Notable Ex Cadet: 5576 Leonard Lee Dies in his 78th Year


Notable Ex Cadet: 5576 Leonard Lee – Dies in his 78th Year

By: WJO

5576 Leonard Gordon Patrick Lee entered Royal Roads in September 1958.

The rural Saskatchewan native, spent two years in Victoria, BC earning the English prize at the end of second year; he also starred on the senior rugger team. An aspiring pilot, he was awarded the Royal Canadian Air Force Association – Award of Merit – in May 1960.

He arrived at Royal Military College of Canada in September, 1960 and quickly joined the senior football team.

Len had a very successful year at RMC in 1960-61. He was the designated Cadet Wing Commander (CWC) for the 1961 – 62 school year.  However, he had a medical problem while going through pilot training in the summer of 1961. He subsequently received an Honourable discharge from the Regular Officer Training Plan that Fall.


including – a list of quotes from Len Lee

He attended Queen’s University for two years, graduating in 1963 with and Honours BA in Economics.  He married Lillian Lorraine King while a student – March 9th, 1962.

Following two moths employment with the Combines Investigation Branch of the Department of Justice, he joined the Department of Trade & Commerce as a Foreign Service Officer in July 1963. Following one year of training he was posted to Chicago as Vice Consul and Assistant Trade Commissioner.

He ended up working with the federal government for sixteen years.

In 1978, he founded Lee Valley Tools Ltd., a Canadian woodworking and gardening tools mail-order business which has since grown into a multimillion-dollar enterprise. In 1985, he founded Veritas Tools. In 1991, he founded Algrove Publishing. In 1998, Len started a new business, Canica Design – an innovative medical device company that specializes in designing devices for the mechanical manipulation of soft tissues for use in acute care and chronic care settings.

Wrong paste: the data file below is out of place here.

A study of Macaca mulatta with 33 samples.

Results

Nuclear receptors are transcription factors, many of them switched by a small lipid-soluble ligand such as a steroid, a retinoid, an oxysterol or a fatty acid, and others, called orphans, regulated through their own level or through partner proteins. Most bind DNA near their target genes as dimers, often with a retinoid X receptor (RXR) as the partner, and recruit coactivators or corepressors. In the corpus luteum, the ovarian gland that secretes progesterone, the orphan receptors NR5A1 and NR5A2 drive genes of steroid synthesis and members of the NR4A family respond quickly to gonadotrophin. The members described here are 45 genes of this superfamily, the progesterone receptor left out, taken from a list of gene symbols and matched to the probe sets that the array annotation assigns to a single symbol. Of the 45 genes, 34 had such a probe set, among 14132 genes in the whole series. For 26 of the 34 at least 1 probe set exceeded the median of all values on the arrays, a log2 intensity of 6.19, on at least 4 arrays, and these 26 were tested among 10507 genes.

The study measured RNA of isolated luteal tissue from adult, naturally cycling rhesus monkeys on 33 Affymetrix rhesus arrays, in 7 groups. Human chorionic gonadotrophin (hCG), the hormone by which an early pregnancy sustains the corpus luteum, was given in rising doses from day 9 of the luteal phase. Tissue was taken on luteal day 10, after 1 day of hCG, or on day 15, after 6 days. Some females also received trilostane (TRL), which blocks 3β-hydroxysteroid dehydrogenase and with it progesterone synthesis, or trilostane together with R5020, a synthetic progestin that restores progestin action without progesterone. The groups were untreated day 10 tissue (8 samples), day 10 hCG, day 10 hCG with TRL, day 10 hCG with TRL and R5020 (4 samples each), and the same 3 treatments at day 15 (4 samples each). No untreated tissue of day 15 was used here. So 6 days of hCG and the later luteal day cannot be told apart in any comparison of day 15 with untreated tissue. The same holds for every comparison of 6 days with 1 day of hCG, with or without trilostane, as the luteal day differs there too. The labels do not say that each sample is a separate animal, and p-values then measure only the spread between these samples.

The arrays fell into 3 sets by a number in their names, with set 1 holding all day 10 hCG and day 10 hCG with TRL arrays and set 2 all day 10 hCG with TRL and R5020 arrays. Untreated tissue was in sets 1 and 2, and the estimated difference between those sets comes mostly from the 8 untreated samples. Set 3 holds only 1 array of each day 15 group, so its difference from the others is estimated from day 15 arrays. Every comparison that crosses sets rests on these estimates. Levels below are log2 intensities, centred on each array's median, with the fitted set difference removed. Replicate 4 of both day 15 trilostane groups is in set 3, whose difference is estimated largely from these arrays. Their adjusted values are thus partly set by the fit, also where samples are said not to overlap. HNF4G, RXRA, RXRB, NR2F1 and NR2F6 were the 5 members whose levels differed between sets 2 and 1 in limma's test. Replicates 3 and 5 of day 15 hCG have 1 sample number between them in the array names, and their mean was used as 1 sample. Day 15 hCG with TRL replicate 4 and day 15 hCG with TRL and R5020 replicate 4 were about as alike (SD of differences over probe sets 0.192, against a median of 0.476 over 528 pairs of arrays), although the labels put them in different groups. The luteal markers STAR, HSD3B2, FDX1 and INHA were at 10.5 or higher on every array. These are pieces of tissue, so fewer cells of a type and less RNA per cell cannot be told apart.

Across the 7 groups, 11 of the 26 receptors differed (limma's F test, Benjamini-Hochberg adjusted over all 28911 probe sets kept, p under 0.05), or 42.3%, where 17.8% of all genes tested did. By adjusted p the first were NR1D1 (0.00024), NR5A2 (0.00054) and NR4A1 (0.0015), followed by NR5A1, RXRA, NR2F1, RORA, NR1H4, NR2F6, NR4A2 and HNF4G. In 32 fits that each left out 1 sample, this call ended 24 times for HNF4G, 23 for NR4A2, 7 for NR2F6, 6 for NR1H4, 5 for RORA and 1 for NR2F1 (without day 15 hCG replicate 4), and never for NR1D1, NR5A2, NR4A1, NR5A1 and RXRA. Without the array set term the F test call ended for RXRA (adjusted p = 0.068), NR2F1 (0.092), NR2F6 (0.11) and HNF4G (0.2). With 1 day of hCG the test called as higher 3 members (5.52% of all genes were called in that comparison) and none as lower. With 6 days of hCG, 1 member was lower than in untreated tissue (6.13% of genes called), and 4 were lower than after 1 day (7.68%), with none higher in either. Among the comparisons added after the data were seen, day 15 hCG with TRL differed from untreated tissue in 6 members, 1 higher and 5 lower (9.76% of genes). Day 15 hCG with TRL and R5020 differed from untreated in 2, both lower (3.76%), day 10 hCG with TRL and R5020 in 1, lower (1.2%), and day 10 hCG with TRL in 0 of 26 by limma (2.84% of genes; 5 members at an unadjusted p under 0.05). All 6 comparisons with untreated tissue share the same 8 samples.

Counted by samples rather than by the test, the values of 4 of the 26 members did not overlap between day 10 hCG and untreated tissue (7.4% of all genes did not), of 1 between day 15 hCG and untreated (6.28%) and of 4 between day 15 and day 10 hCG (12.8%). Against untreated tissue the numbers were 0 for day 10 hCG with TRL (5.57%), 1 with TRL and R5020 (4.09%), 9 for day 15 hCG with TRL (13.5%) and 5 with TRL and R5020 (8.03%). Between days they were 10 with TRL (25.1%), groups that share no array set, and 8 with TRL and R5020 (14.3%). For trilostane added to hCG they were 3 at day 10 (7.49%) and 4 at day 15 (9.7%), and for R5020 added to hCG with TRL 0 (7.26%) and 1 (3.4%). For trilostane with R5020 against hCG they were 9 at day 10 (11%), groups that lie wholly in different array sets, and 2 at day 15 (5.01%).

In 2002, he was made a Member of the Order of Canada for “being a successful entrepreneur.”[ In 2007, he was granted an honorary degree from the Royal Military College of Canada. In 2011, he was granted an honorary doctorate from the University of Ottawa.

He was appointed as Honorary Colonel of 14 Air Maintenance Squadron in 14 Wing Greenwood, NS in April 2008 and served the full term.

Len Lee died on July 7, 2016 from effects of vascular dementia.

A list of quotes from Len Lee:

“I’m not really an expert,”…”I’m just the one-eyed man and you’re part of the kingdom of the blind.”





“You can actually come from a log house in northern Saskatchewan and end up in an embassy in Peru,”…











“It’s king of a blood sport for me,” he chuckles. “I saw a lot of what was wrong when I was in government.”








He added that while interesting jobs and good bosses did (and do) exist in the federal public service; he was not blessed with either.



“Duty rates were much higher then and importing them from the U.S. was a hassle.”








“Well, you’re going to have to wait. It was taking time to collect the variety and the quality of tools that I had in mind.”

**

“We weren’t entirely ready for something like that, but we pulled together an ad. We showed a black walnut tool chest, with the top open, and tools in it. All the ad said was: ‘For our 78 page catalogue of fine woodworking tools, send one dollar to this address’. We ended up getting 2,200 one-dollar bills. It was an unbelievable response for us, and jump-started our entire business. After that initial mailing our client list grew, mostly by word of mouth.”






Leonard Lee, founder of Lee Valley Tools, dies

http://ottawacitizen.com/news/local-news/leonard-lee-founder-of-lee-valley-tools-dies

Friends are invited to share in Leonard’s life at the C. R. GAMBLE FUNERAL HOME & CHAPEL Inc. 127 Church St. Almonte, ON (613) 256-3313 on Monday & Tuesday, July 11 & 12th from 2 to 4 & 6 to 8 PM.

Private family Service with Rev. Pat Martin, officiating.

This article, Notable Ex Cadet: 5576 Leonard Lee Dies in his 78th Year, first appeared on e-Veritas.